LOS ANGELES — After declaring Chapter 9 bankruptcy a little more than a year ago, an end is in sight for the Central Valley city of Stockton, Calif.
During a hearing on Monday, U.S. Bankruptcy Judge Christopher Klein set March 5, 2014 as the start date for a trial confirmation and hearing of the city's bankruptcy plan, which it proposed in September.
The trial will follow a vote by the city's creditors on the exit plan on February 10, 2014.
If any creditor objects, Stockton must show that its plan meets a "fair and equitable" standard and treats all similar classes of claims alike, with no class receiving property or remuneration before another creditor senior to it does.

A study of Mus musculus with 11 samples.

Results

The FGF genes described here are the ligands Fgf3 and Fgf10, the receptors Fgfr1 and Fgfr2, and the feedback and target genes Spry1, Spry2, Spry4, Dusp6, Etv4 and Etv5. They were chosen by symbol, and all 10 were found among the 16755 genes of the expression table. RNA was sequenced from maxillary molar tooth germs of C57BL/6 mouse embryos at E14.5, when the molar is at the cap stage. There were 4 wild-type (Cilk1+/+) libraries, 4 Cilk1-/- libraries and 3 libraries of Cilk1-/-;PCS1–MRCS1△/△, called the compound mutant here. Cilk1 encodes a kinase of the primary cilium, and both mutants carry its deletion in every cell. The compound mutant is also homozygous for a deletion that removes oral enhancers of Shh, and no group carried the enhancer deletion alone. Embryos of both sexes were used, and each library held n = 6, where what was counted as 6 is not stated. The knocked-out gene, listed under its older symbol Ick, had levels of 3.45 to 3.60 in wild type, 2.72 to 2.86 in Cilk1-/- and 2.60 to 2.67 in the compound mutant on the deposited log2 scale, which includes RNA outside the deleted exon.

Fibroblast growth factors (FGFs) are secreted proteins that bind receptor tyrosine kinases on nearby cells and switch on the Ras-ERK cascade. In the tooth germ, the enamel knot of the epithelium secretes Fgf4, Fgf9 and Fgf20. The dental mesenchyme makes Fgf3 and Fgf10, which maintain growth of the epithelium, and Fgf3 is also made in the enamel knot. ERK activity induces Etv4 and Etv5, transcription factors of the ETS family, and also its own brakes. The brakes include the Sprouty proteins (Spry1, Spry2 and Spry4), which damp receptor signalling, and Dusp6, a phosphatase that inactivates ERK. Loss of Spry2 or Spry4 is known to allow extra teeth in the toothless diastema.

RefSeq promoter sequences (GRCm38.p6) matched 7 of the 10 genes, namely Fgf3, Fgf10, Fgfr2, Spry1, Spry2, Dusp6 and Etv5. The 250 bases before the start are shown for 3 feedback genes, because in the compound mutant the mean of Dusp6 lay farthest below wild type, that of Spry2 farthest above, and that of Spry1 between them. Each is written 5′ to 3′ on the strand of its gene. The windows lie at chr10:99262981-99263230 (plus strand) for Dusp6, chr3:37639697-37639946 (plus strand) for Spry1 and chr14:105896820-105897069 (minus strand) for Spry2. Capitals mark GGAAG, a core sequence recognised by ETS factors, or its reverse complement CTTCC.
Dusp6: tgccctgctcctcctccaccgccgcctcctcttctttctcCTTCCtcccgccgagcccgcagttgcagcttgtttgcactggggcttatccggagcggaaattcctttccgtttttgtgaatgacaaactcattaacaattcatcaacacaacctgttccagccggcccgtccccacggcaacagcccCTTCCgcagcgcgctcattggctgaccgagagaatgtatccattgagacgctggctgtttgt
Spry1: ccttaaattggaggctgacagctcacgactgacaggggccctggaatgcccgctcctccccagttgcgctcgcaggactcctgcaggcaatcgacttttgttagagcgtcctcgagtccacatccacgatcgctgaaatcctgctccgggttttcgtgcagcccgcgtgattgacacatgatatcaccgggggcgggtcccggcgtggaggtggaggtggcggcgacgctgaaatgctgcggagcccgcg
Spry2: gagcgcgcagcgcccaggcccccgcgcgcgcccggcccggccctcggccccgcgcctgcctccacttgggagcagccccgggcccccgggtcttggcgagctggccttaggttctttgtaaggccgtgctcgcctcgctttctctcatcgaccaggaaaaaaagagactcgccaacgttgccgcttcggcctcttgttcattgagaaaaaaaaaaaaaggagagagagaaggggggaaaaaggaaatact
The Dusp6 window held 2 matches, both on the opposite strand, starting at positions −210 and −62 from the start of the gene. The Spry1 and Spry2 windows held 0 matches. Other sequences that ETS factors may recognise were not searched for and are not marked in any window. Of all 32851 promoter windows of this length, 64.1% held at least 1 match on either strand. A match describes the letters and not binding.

The city has reached agreements with nearly all of its major creditors, including bond insurers Assured Guaranty and National Public Finance Guarantee. It has not reached an agreement with Franklin Advisers, Inc., Franklin High Yield Tax-Free Income and Franklin California High Yield Municipal Fund, which together own around $35 million of the city's lease revenue bonds.
On its largest debt - more than $120 million of unsecured pension obligation bonds insured by Assured Guaranty - the city reached an agreement to repay the obligation over a longer period of time with what Assured has said is a possibility of eventual full recovery.
Stockton also plans to use additional revenue from the increased sales tax, approved in a vote earlier this month, to restore the city's finances. The sales tax will increase by three-quarters of a cent starting January 1 — halfway through the city's fiscal year.
Stockton, a city of about 300,000, declared bankruptcy in June 2012, after struggling to recover from the housing downturn and years of fiscal emergencies.